To become a pharmacist, you must be professionally qualified and registered with the General Pharmaceutical Council (GPhC).

What is a pharmacist?

Pharmacists are key members of the healthcare team. They provide expert advice to patients and other healthcare professionals on the safe use and supply of medicines.

Pharmacists are also trained in managing common clinical conditions and provide services to help people live longer and healthier lives.

To work in the UK, pharmacists must be professionally qualified and registered with the General Pharmaceutical Council (GPhC).

Starting your career as pharmacist

Choosing subjects at school

To get on a course that could lead to a career as a pharmacist, useful subjects include:

  • Chemistry
  • Biology
  • English
  • Maths
  • Physics
  • Administration and IT
  • Business Management

Work placements and volunteering

You may find it helpful to get some healthcare experience by doing a work placement or volunteering. You’ll get training, increase your knowledge, and learn new skills. This could help you when applying to university, college or a new job with NHSScotland. 

College and university

In Scotland, 2 universities offer the GPhC accredited Master of Pharmacy degrees (MPharm):

  • Robert Gordon University in Aberdeen
  • University of Strathclyde in Glasgow

The 4-year MPharm degree is followed by a paid Foundation Training year. At the end of the training year, you'll be set the GPhC assessment to become a qualified pharmacist.

Widening access

Widening participation supports adult learners who want to go to university. If you’re an adult with few or no qualifications, you could get into higher education through the Scottish Wider Access Programme (SWAP). Many universities also provide access programmes to help you get the degree entry qualifications you need. 

Degree programme

Many universities also provide access programmes to help you get the degree entry qualifications you need.

If you're a registered pharmacy technician, you can apply to do the MPharm degree to become a pharmacist. You'll then need to complete a foundation training programme in your workplace and pass the GPhC’s registration assessment.

Course search

Search for college or university programmes on My World of Work.

Get to know the role

As a pharmacist, you would use your expert knowledge of medicines and the effect they have on the body to help people manage their conditions.

The GPhC is changing the education and training process for future pharmacists. It means that by the summer of 2026, all pharmacists will be qualified independent prescribers at the point of registration. This will allow you to prescribe medicines and lead clinics in your place of work.

Community pharmacy

As a pharmacist working in a community pharmacy, you would help people with common clinical conditions, answer medication queries, and dispense prescriptions. You will also be responsible for supervising the sale of medications and for providing training for staff.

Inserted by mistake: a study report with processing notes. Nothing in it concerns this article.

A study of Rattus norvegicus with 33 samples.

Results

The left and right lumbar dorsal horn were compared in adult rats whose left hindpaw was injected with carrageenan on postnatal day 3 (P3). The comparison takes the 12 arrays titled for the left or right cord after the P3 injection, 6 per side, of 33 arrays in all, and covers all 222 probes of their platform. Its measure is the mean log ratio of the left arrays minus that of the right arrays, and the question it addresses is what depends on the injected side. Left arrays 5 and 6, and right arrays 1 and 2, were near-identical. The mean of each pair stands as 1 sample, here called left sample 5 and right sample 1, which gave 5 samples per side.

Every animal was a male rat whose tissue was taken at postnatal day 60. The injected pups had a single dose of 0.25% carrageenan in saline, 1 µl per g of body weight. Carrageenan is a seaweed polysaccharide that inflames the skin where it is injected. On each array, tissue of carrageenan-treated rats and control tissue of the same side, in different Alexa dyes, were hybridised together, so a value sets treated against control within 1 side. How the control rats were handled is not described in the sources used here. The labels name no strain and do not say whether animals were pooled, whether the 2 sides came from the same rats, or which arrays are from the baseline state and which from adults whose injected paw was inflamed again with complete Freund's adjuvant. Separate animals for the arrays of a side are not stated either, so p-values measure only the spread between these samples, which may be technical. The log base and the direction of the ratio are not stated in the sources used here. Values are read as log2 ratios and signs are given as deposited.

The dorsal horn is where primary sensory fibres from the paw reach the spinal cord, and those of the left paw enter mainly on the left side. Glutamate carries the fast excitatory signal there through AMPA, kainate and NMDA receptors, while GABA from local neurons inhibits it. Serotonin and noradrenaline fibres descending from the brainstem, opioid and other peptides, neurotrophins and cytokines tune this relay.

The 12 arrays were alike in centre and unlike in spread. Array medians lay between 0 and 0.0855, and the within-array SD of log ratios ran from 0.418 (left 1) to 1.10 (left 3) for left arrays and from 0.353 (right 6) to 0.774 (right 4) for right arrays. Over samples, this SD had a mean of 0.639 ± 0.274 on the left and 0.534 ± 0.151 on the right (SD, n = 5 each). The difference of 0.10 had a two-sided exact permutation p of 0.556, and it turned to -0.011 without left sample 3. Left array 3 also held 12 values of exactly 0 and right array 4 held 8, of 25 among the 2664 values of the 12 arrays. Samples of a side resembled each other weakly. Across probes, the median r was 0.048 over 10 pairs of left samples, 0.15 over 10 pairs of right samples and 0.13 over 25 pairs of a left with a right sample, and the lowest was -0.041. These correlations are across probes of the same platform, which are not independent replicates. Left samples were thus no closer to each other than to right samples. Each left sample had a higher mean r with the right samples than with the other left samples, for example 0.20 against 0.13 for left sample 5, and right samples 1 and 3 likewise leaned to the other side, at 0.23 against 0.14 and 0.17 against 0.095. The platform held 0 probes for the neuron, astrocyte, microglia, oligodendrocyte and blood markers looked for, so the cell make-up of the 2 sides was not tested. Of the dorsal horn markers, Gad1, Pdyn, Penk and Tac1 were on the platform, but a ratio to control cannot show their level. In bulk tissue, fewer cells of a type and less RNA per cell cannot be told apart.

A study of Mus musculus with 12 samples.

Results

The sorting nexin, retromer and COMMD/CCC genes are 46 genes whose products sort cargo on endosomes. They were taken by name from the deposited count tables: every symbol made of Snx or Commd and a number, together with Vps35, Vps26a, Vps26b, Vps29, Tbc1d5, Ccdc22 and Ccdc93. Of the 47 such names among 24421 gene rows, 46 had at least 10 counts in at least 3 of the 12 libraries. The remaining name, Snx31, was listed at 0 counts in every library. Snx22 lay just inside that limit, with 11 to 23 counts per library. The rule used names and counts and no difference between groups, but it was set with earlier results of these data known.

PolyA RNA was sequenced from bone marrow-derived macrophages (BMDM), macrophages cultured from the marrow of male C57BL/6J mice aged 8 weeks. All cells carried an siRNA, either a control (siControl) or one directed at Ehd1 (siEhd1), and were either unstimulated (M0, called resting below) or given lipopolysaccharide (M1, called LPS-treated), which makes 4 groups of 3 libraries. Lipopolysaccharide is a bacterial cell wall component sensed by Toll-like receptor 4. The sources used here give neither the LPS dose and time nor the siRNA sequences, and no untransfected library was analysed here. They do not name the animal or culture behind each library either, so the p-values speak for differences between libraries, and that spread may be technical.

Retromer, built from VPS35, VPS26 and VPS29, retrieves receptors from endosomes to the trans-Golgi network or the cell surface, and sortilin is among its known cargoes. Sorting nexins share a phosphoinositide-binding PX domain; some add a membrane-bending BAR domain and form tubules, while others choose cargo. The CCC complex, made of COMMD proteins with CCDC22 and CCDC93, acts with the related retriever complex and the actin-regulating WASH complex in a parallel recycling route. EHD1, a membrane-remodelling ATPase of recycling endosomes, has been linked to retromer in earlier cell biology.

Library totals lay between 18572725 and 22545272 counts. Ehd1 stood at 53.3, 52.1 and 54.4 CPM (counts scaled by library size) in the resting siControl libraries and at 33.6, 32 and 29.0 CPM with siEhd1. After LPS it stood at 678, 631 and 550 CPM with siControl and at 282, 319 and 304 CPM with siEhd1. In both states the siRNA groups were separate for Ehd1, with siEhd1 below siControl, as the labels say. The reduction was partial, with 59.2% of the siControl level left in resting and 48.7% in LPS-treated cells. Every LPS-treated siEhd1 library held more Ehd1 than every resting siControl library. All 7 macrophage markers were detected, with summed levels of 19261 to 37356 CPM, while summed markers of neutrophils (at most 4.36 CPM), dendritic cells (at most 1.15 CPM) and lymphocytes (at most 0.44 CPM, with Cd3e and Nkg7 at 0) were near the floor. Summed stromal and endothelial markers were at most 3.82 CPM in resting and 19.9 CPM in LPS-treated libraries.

Hospital pharmacy

If you are working within a hospital pharmacy, you will be involved in every stage of a patient’s hospital journey. You might review patients in clinics or see them when they come into the hospital unwell.

Primary care

You would make sure that medicines are prescribed safely, cost-effective, and appropriate for the disease. You’ll also be the key link between hospital and community pharmacy teams.

Some of the typical tasks of a pharmacist include:

  • confirming what medications patients are taking and making sure they are appropriate
  • prescribing medications to allow patients to achieve their treatment goals
  • training and supervising staff in a hospital setting
  • making sure the supply and use of medicines is within the law, ethics, and local and national guidelines
  • monitoring the effects of treatments to make sure they are safe and effective
  • providing advice to others about the safe use of medicines

You’ll need these skills:

  • compassion
  • communicating with people
  • working in a team
  • decision-making
  • leadership
  • problem-solving

You could work with:

  • pharmacy technicians
  • pharmacy support staff
  • doctors
  • nurses
  • other healthcare professionals
  • administrative staff

You could work in:

  • hospital
  • community pharmacies
  • GP practices
  • pharmaceutical companies
  • universities or colleges

Learning and development

You may choose to specialise in an area of pharmacy such as:

  • mental health
  • cancer care
  • paediatrics
  • addiction
  • research and development

You could also progress to senior and specialist pharmacist roles. To help you develop into these roles, there are a number of training pathways.

Once you have the necessary experience, you may choose to undertake a senior managerial role. You could become the head of a pharmacy service. There are also teaching and research opportunities.

Professional bodies

The professional body for pharmacists in the UK is The Royal Pharmaceutical Society (RPS). You can become a member as soon as you start studying for a pharmacy degree.

The RPS provides courses, conferences, and seminars. They also offer post-registration training programmes for pharmacists at foundation, advanced, and consultant levels.

You will need to renew your registration every year. This includes providing evidence that you are continuing to develop your knowledge and skills.